John Hancock is one of several insurers in recent years that have decided to unload their independent broker-dealer unit as competitors in the space cut in on profits.
John Hancock has sold its independent broker-dealer (IBD) unit, Signator Investors, to Advisor Group. Once the deal is completed later this year, Signator’s 1,800 wealth management advisors will double the ranks of Royal Alliance Associates’ financial professionals.
Jersey City-based Royal Alliance is one four IBDs owned by Advisor Group that employ more than 5,000 advisors supervising $190 billion in assets — a total that will be boosted by the $50 billion Signator brings to the table. Financial terms of the deal were not released, although it is reported to be a full stock-purchase agreement.
Although the deal is particularly significant in the IBD space, John Hancock’s sell-off mirrors an ongoing trend of insurers opting out of that business. As the name implies, IBD advisors work independently, but often want the back-office support provided by a larger firm to handle trades and compliance issues. By leaving the IBD sector, John Hancock is likely moving to double down on areas within the insurance and wealth management markets where it sees room for substantial growth.
Insurers Move Away from IBD Business
As a mid-sized IBD, Signator ran up against larger firms with greater resources. Watching its profit margins get squeezed, John Hancock decided it was better to sell off the unit. Likewise, Advisor Group was owned by American International Group until the insurer sold it in 2016 to Lightyear Capital and Canadian pension fund manager PSP Investments.
AIG and John Hancock aren’t the only insurers that have recently retreated from the IBD sector. Last year, Jackson National Life Insurance unloaded four of its IBDs to LPL Financial for $325 million. LPL netted 3,200 advisors in that acquisition. Insurance brokerage and consulting firm NFP made a similar move when it sold its IBD unit to Stone Point Capital, a private equity firm, two years ago.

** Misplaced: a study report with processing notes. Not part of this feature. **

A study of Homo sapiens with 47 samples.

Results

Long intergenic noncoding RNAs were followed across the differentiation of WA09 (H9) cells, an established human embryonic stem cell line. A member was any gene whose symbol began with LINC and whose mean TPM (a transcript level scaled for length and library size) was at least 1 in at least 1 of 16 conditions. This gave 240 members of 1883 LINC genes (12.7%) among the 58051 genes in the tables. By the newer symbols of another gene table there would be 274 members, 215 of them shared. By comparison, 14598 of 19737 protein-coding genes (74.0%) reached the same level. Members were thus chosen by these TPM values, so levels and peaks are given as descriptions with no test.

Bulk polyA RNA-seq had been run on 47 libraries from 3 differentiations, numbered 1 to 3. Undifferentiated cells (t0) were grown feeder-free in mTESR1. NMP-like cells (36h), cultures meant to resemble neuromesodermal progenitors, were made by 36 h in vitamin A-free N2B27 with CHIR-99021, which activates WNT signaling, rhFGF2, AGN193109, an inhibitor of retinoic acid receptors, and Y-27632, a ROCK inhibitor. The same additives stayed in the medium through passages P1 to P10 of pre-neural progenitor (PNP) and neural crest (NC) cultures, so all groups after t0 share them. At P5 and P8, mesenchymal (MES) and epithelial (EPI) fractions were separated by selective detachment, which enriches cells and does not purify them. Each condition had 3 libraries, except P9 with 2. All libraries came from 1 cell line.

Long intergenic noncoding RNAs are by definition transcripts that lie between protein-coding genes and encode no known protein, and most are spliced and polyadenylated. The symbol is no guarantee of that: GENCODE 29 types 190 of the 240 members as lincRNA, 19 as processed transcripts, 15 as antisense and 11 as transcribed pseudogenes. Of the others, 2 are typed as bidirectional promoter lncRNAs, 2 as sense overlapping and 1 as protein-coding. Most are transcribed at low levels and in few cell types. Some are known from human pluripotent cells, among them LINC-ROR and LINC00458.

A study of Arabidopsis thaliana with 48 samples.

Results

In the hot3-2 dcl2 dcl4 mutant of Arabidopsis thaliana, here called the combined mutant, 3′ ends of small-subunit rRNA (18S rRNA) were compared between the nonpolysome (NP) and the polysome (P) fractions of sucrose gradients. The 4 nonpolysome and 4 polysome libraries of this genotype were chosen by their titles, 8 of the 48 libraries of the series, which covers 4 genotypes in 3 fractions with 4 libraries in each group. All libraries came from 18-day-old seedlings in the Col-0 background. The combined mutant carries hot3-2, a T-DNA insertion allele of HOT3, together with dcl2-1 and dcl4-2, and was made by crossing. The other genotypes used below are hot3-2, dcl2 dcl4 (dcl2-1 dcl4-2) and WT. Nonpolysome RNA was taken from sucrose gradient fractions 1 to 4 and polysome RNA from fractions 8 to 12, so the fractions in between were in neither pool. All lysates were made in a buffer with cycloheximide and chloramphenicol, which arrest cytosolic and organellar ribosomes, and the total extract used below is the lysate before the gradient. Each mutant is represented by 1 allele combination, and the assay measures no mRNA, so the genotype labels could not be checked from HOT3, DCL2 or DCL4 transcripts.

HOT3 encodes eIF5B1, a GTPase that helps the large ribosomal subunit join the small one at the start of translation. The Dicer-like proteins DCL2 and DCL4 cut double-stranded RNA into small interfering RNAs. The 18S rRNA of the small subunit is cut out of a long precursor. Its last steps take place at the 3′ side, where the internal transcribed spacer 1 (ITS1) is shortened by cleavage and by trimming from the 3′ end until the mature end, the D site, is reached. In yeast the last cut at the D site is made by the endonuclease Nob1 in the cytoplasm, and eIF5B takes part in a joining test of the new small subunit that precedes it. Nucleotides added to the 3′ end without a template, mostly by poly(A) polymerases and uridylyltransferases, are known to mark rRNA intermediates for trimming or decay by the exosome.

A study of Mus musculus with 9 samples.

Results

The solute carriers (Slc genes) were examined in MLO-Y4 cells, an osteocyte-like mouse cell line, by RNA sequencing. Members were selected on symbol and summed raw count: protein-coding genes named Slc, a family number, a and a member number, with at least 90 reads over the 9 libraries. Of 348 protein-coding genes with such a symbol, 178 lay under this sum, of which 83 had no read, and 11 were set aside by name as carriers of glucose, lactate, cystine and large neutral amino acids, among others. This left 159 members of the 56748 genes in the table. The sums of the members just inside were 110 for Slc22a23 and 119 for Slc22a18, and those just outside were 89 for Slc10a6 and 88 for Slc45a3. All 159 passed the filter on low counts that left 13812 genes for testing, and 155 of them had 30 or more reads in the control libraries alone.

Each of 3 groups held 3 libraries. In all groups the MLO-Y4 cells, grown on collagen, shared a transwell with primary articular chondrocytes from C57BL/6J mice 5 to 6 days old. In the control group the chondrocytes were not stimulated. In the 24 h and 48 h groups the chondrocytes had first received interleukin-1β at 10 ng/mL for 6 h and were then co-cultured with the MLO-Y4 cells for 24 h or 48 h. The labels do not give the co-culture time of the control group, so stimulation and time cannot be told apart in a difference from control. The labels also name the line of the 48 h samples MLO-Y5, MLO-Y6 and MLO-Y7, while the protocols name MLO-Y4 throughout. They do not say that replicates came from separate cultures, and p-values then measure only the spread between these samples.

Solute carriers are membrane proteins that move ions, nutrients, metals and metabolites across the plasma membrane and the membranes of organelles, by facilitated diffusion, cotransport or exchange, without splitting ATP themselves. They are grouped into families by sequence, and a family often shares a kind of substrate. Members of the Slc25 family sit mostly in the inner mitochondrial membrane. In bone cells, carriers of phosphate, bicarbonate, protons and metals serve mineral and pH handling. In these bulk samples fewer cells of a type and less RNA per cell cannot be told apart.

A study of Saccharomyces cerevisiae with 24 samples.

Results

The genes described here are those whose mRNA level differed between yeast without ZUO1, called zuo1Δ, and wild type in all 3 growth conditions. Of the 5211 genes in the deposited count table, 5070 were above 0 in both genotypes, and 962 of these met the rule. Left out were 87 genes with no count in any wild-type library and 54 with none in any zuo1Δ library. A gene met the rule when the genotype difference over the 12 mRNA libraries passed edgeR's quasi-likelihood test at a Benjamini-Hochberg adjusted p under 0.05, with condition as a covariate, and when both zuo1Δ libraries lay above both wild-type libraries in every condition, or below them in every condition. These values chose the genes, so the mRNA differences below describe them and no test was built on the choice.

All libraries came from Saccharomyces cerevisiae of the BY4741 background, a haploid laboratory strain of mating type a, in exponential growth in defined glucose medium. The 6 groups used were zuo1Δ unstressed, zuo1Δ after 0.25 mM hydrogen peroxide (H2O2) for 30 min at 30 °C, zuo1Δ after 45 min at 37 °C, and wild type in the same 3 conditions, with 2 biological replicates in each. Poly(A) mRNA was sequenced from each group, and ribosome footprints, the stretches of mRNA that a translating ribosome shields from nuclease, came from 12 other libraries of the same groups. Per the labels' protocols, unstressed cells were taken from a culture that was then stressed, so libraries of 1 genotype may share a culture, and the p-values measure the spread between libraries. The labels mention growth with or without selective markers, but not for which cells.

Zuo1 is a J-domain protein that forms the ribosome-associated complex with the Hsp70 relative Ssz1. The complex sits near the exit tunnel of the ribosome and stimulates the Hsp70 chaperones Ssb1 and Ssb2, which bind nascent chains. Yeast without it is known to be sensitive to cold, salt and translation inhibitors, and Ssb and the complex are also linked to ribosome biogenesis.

Not too long ago, however, John Hancock and Signator were ramping up their IBD business. In 2017, Signator acquired 40 advisory practices from Transamerica Financial Advisors that gave it 800 advisors with some $25 billion in client assets. Soon after that acquisition, two former Transamerica practices with a combined asset base of $1.3 billion left Signator.
John Hancock hasn’t exited the advisory business completely. In 2017, the company’s Retirement Plan Services wing partnered with NextCapital to automate its retirement advice platform for 401(k) and IRA rollovers.
Similar Deals in the Future?
John Hancock executives did not publicly comment on the deal. A spokesperson for the insurer said only that the deal furthers its “growth priorities and will provide Signator’s firms and advisors with significant growth opportunities of their own.”Meanwhile, President and CEO of Advisor Group Jamie Price told Financial Planning he expects more insurers to put their IBD units up for sale. “The synergies around being a product manufacturer and a broker-dealer are becoming less and less important,” he said. “I do think it’s a continuing trend, and it’s going to continue over the course of the next several years.”